Daly Field Development Goes Before Planning Board
A series of Planning Board hearings on the proposed Landmark development at Daly Field begin Monday at 7:30 p.m.
The developer behind the controversial proposed development on Daly Field in Radburn will present its design to the Fair Lawn Planning Board at a series of public hearings beginning Monday.
Landmark Development's presentation to the Planning Board -- which has only limited powers over the development due to a 2009 court ruling that granted Landmark a builder's remedy -- commences at 7:30 p.m. in Borough Hall.
The builder's remedy, which compels the borough to permit the construction of state-mandated affordable housing units, limits the Planning Board's jurisdiction to issues of parking, road layouts and open area configurations, among other details.
Landmark's planned 165-unit development of Daly Field and the adjacent Hayward property, located at the intersection of Plaza Road, Berdan Avenue and Route 208, has been a hot-button issue in Fair Lawn since the Radburn Association sold the field to the Woodbridge-based developer in February 2004.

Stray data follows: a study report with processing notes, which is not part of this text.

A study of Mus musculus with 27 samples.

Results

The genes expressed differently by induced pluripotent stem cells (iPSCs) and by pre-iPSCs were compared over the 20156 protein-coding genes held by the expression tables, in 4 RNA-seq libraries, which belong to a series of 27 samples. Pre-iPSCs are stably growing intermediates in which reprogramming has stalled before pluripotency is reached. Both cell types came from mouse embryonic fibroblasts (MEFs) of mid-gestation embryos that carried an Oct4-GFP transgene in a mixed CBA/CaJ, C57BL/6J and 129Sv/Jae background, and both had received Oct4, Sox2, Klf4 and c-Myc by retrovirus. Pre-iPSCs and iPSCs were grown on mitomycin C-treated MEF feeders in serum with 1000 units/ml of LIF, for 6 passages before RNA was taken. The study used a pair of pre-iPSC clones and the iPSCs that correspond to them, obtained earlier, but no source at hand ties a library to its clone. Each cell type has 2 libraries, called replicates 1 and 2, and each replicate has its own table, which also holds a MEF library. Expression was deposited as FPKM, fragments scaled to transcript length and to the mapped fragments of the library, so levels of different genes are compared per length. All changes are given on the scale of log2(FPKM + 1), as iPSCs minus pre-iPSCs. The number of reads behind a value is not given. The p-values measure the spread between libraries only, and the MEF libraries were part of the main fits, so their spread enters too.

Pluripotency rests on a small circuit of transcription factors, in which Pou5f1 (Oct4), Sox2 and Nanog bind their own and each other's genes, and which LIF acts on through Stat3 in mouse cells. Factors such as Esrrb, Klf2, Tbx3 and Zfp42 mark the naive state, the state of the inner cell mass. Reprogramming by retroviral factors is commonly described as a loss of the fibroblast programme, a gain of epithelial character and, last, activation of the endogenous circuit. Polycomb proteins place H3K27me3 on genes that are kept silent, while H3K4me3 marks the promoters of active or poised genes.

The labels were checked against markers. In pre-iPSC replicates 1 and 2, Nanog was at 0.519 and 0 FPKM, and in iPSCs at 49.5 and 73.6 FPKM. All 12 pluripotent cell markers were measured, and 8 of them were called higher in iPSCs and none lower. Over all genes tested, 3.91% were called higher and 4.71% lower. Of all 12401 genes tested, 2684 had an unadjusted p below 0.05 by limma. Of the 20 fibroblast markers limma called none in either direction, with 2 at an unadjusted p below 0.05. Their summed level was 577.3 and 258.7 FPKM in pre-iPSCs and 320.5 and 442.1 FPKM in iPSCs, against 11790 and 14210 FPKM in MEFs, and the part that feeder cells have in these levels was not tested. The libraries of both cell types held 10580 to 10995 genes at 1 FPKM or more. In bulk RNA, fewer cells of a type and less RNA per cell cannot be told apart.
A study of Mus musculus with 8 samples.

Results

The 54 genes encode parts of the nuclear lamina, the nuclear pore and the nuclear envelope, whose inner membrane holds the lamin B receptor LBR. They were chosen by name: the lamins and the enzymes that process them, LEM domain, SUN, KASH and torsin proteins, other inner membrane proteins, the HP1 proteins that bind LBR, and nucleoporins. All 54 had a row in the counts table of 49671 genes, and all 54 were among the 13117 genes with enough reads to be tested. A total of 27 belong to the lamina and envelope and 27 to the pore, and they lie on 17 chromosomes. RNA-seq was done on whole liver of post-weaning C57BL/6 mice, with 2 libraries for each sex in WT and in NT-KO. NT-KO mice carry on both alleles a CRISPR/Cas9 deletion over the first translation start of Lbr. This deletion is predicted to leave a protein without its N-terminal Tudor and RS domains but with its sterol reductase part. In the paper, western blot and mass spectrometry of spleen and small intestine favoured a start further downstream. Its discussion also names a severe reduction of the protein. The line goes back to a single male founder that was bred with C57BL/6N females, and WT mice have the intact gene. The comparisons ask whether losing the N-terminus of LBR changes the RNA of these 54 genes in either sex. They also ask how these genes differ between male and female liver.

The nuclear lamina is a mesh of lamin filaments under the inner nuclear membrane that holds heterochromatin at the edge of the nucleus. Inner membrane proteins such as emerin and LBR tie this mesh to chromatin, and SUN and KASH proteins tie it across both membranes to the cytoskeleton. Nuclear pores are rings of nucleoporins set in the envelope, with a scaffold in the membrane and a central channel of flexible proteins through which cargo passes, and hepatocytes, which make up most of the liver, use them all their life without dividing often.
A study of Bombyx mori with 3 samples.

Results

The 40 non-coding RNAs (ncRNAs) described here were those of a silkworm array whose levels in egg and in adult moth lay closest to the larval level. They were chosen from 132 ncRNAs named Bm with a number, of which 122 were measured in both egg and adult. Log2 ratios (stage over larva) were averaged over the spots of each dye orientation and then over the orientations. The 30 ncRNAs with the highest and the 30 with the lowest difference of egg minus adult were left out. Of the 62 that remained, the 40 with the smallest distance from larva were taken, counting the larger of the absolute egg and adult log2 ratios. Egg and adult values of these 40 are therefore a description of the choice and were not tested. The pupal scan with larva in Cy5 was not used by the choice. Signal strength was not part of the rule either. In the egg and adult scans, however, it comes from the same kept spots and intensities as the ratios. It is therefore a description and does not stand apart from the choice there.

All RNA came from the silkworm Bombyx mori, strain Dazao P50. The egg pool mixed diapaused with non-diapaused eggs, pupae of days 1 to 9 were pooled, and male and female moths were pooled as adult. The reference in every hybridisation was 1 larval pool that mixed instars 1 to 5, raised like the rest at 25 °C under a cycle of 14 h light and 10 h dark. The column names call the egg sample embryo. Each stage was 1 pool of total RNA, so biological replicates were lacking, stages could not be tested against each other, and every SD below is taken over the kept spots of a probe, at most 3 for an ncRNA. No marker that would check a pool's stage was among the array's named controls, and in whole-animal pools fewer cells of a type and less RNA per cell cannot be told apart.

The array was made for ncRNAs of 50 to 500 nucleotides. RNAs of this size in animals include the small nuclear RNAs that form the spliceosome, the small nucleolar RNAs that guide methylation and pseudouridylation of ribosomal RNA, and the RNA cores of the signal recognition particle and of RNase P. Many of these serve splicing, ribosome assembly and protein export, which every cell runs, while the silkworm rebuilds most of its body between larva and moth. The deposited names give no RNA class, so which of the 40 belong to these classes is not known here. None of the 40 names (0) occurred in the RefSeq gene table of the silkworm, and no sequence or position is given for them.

Ever since, local grassroots groups and the Fair Lawn borough council– in an attempt to preserve the 5.7-acre Daly Field as open space –have taken a stance against the developer's plans to build affordable housing on Daly Field and the adjacent Landmark-owned Hayward property.
Anti-development activists, led by Radburn Citizens' Association president Marshall Chandler, have been encouraging residents to attend Monday's hearing to air their concerns, and a large crowd is expected.
"Monday begins a series of meetings that will be pivotal to the future of Radburn and Fair Lawn," a mailer being circulated around town by Chandler reads. "It is up to you and your neighbors to insist that we get the best project possible. You can help protect our quality of life and home values by attending the series of Fair Lawn Planning Board meetings that begin this Monday. Be prepared to ask the tough questions that Landmark has dodged so far."
Among the questions Chandler and the Citizens' Association want answered include how the development will impact street traffic, whether its allotment of parking spaces will be sufficient and various other resident safety-related issues.